Trade Union Bill: Beware creeping


The government’s ‘controversial’ Trade Union Bill passed its second reading this week. Union bosses, professional left wing ‘activists’ and the insane new Labour leadership have reacted in the usual way – with hysterical anti-Tory rhetoric and blood-curdling threats of a new ‘general strike’. We’ve seen it all before.

Obsessed with re-fighting the Miners Strike of 1984 – and dripping with contempt for ordinary voters who have rejected socialism at the ballot box time and time again – the newly-energised forces of the left are clearly spoiling for a fight.

But there is a gulf between the militant posturing of the union bosses and the vast majority of ordinary working people, who just want to be able to go about their daily lives without hassle.

The things trade union activists and their Labour Party cheerleaders are most riled up about are the most worthy parts of the bill: the strike ballot threshold and the relaxation of restrictions on temporary workers.

Under the new proposals any strike ballot must have at least a 50 percent turnout to be valid. Public sector strikes will require the support of at least 40 percent of all eligible voters. Employers will be able to cover vacancies during strikes using agency temps.

Business Secretary and all-around good egg Sajid Javid said the bill was “not a declaration of war” against unions but was necessary to stop “endless” threats of industrial action.

Javid’s fight is a worthy one. All right-thinking people who don’t particularly fancy being held to ransom by a shouty minority should back him to the hilt. Why should a minority of militant ‘activists’ be allowed to force a moderate majority of union members to strike against their will? Why should public services be withdrawn from the vast majority of taxpayers (you know, the people who actually pay for them) on the say-so of a narrow-minded cabal of radicals?

I’ve spoken to a number of my more left-leaning friends about this. None of them have yet given me a satisfactory answer.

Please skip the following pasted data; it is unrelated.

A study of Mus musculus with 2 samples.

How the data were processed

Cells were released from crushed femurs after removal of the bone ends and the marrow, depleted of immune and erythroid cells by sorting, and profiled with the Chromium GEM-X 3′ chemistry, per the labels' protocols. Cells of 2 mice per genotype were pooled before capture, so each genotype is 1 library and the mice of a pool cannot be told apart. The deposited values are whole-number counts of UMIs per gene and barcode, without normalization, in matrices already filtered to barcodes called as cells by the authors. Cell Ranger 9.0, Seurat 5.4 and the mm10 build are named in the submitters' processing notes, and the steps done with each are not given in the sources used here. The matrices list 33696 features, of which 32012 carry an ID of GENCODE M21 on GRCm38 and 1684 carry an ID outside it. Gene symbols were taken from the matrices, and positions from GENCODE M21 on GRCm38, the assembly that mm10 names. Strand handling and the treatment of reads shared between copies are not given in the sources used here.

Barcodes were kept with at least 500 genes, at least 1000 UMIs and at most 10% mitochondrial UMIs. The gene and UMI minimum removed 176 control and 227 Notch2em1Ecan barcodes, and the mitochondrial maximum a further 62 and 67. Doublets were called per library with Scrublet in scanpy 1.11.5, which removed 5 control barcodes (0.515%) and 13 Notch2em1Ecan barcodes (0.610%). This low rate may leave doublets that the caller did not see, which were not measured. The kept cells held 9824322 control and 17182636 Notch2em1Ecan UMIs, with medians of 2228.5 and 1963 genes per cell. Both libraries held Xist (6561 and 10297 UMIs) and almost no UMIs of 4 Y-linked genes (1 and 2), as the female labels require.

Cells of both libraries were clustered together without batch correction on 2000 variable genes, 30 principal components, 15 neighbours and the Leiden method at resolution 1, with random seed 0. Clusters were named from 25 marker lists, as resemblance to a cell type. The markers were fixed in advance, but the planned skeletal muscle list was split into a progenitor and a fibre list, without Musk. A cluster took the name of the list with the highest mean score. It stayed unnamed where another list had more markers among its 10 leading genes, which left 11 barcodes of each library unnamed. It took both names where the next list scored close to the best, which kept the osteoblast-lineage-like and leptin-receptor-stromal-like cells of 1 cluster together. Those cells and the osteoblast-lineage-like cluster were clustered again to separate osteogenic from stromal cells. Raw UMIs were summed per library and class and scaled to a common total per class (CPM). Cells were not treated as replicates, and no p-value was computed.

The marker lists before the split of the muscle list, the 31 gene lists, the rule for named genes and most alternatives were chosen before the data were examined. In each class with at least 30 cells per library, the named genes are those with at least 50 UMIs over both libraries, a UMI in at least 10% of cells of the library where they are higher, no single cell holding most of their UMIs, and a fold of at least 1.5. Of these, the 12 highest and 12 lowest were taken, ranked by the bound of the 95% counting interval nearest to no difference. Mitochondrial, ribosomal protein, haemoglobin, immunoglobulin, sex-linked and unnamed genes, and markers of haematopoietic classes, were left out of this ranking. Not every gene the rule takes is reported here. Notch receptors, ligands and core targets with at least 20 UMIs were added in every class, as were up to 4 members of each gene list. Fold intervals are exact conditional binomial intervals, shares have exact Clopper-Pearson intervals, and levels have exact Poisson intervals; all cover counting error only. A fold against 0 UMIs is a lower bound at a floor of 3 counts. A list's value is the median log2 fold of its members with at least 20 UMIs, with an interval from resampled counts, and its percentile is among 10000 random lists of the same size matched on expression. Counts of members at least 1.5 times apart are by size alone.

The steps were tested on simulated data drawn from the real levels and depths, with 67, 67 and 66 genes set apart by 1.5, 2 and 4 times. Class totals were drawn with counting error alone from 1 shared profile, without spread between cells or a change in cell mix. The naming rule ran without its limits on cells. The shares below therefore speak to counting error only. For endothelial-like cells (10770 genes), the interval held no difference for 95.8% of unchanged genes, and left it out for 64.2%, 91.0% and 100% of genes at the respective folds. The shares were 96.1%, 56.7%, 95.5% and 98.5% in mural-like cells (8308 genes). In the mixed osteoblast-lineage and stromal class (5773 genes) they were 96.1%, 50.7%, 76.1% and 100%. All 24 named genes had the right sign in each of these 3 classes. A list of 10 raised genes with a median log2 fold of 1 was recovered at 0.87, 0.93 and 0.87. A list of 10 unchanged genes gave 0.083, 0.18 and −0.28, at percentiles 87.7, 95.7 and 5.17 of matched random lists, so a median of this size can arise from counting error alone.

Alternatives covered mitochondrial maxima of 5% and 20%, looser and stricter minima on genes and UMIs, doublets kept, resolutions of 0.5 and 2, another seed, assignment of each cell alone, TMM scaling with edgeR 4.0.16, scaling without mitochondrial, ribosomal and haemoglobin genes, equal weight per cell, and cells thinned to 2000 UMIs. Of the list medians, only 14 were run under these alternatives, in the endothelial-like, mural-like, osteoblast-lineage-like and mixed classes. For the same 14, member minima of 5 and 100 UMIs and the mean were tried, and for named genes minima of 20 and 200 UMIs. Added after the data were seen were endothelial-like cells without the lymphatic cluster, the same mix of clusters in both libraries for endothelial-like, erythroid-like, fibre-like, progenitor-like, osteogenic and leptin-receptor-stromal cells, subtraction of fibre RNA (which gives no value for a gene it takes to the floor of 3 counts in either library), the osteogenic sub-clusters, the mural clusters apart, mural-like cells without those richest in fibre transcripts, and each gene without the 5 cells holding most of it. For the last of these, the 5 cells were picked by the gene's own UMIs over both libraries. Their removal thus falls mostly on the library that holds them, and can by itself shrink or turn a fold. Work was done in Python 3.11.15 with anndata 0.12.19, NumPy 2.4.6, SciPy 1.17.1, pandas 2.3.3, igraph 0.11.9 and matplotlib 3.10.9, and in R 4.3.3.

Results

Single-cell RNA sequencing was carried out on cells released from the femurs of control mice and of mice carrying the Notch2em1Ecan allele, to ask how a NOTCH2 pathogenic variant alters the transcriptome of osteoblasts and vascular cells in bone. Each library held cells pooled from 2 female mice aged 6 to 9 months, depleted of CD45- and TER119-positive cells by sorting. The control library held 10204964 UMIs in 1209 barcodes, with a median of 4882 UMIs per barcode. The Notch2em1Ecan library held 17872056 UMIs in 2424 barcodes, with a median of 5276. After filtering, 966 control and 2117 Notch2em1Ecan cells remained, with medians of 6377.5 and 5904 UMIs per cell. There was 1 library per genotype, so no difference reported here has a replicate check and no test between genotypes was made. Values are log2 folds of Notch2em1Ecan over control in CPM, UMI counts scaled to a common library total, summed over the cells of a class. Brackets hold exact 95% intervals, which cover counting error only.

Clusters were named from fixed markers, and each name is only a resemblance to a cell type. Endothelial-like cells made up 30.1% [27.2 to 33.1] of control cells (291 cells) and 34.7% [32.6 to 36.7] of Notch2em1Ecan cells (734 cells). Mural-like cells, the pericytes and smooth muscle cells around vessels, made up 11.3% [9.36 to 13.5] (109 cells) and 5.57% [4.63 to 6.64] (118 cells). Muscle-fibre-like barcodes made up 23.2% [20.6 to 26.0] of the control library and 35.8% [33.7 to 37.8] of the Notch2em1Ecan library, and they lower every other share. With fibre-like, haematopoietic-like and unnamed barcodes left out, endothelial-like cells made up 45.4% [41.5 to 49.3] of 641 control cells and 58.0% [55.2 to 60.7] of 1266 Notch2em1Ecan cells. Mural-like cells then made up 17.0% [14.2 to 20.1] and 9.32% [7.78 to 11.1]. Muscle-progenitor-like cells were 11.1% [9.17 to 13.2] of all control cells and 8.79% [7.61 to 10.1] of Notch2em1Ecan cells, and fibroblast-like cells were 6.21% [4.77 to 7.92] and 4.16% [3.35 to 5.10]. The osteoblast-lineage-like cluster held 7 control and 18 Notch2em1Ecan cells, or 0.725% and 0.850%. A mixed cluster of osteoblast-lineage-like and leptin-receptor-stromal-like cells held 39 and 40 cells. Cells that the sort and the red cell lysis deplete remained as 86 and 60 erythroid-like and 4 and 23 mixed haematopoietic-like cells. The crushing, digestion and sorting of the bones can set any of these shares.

The classic trade unionist argument that ballot thresholds are illegitimate because the government does not have 40-50 percent of the popular vote is nonsensical. All the people of the nation vote in a general election – or at least those who bother to show up do. The government exists to protect the nation, and to preserve the lives and freedoms of its people. It doesn’t always do a particularly good job at either but that’s a topic for another time.

A strike ballot is taken by members of a single club – one faction within the wider society. A vote to strike commits members to making life as difficult as possible for anyone who is not a member of the club.

Even so, Trade unions are part of a free society. If we truly believe in freedom of speech, freedom of expression and above all in freedom of association, then we must admit those rights even to people we don’t like very much.

That does not entitle them to special privileges. Trade unions cannot be allowed to elevate themselves above the law. The proposals in the bill will protect ordinary men and women from being held up, hassled, barracked and abused on their way to work.

There are obvious attractions here for sensible trade unionists. I know it is heresy for a Conservative to say this but not all strikes are illegitimate. The proposed measures would entrench the legitimacy of strike ballots that do attract a big enough turnout.

I am, however, distinctly uneasy about other parts of the bill. Requiring picketers to register their names with the police smacks of the creeping authoritarianism that has characterised this government. Even trade unionists are entitled to the presumption of innocence. Measures like that belong in a Stalinist police state, not in modern Britain (as David Davis has pointed out). They should make all of us who treasure liberty groan with despair.

Automatically treating trade unionists as potential criminals would be a terrible injustice. Liberty is not a commodity to be rationed out to people we approve of and withheld from people we don’t.

That said, I believe wholeheartedly in most of the sensible parts of the Trade Union Bill. Three decades ago the trade union ‘movement’ tried to bring down the elected government of Margaret Thatcher – as they had brought down the two governments that preceded her. They failed. They will never succeed again.